Central PA's LGBT News Source


Brokeback Mountain enshrined in Library of Congress


Joe Morgan for Gay Star News reports the modern gay classic Brokeback Mountain has been preserved forever in the Library of Congress.

Experts named the Ang Lee directed film as one of the 25 of America’s most influential motion pictures. The film stars Jake Gylenhaal and Heath Ledger.

The film was chosen to be inducted due to its "cultural, historic and aesthetic importance".

Other films chosen include Disney’s Cinderella, Stanley Kubrick’s The Shining and the musical My Fair Lady.

Brokeback Mountain, released in 2005, is also the newest film on the registry.

"I didn’t intend to make a statement with ‘Brokeback Mountain," Lee said. "I simply wanted to tell a purely Western love story between two cowboys.

‘To my great surprise, the film ended up striking a deep chord with audiences; the movie became a part of the culture. A reflection of the darkness and light—of violent prejudice and enduring love—in the rocky landscape of the American heart.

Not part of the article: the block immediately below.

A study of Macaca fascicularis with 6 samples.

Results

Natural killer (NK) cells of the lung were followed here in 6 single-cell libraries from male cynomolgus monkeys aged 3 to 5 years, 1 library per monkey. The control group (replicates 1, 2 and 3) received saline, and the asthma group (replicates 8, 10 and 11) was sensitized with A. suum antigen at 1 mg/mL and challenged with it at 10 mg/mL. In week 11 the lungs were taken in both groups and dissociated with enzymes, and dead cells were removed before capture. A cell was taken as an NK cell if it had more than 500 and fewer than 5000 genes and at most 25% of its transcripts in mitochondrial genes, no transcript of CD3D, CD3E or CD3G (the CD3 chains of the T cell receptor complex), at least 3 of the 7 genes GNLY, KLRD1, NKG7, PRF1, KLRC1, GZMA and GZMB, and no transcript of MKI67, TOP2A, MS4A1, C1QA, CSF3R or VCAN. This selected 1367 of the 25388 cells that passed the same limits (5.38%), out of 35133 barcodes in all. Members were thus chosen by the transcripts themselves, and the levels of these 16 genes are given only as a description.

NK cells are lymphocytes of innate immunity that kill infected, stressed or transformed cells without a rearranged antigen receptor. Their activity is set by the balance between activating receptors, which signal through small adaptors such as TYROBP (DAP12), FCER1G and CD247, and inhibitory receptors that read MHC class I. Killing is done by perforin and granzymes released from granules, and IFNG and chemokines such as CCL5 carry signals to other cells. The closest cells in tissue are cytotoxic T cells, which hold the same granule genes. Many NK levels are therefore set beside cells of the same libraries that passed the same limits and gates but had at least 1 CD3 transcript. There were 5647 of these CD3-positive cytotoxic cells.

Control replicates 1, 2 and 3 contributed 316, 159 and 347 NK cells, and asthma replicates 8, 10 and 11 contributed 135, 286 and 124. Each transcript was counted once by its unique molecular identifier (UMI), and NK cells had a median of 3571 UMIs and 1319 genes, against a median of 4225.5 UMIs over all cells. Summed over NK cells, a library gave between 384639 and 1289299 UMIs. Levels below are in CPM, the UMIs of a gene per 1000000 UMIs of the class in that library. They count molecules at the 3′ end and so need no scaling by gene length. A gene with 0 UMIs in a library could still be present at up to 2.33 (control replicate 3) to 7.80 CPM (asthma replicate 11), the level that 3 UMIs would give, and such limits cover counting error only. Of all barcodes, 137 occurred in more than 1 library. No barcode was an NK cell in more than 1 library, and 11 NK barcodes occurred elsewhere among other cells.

"More than a decade has passed since Brokeback Mountain was released. I hope that this film, a small movie with wide open spaces, continues to express something both fresh and fundamental about my adopted country."

Brokeback Mountain lost to the film Crash for Best Picture at the Academy Awards. However, it did win Best Screenplay.

The film tells the tragic love story between two closeted gay ranch hands.

Annie Proulx, the Pulitzer Pride-winning author of Brokeback Mountain, described it as a tale of "destructive rural homophobia."

The Library of Congress said: "haunting in its unsentimental depiction of longing, lonesomeness, pretense, sexual repression and ultimately love, Brokeback Mountain features Heath Ledger’s remarkable performance that conveys a lifetime of self-torment through a pained demeanor, near inarticulate speech and constricted, lugubrious movements."

At the time, Newsweek’s David Ansen said the film was also a "watershed in mainstream movies, the first gay love story with A-list Hollywood stars."

Under the terms of the National Film Preservation Act, each year the Librarian of Congress names to the National Film Registry 25 motion pictures that are "culturally, historically or aesthetically" significant. The films must be at least 10 years old.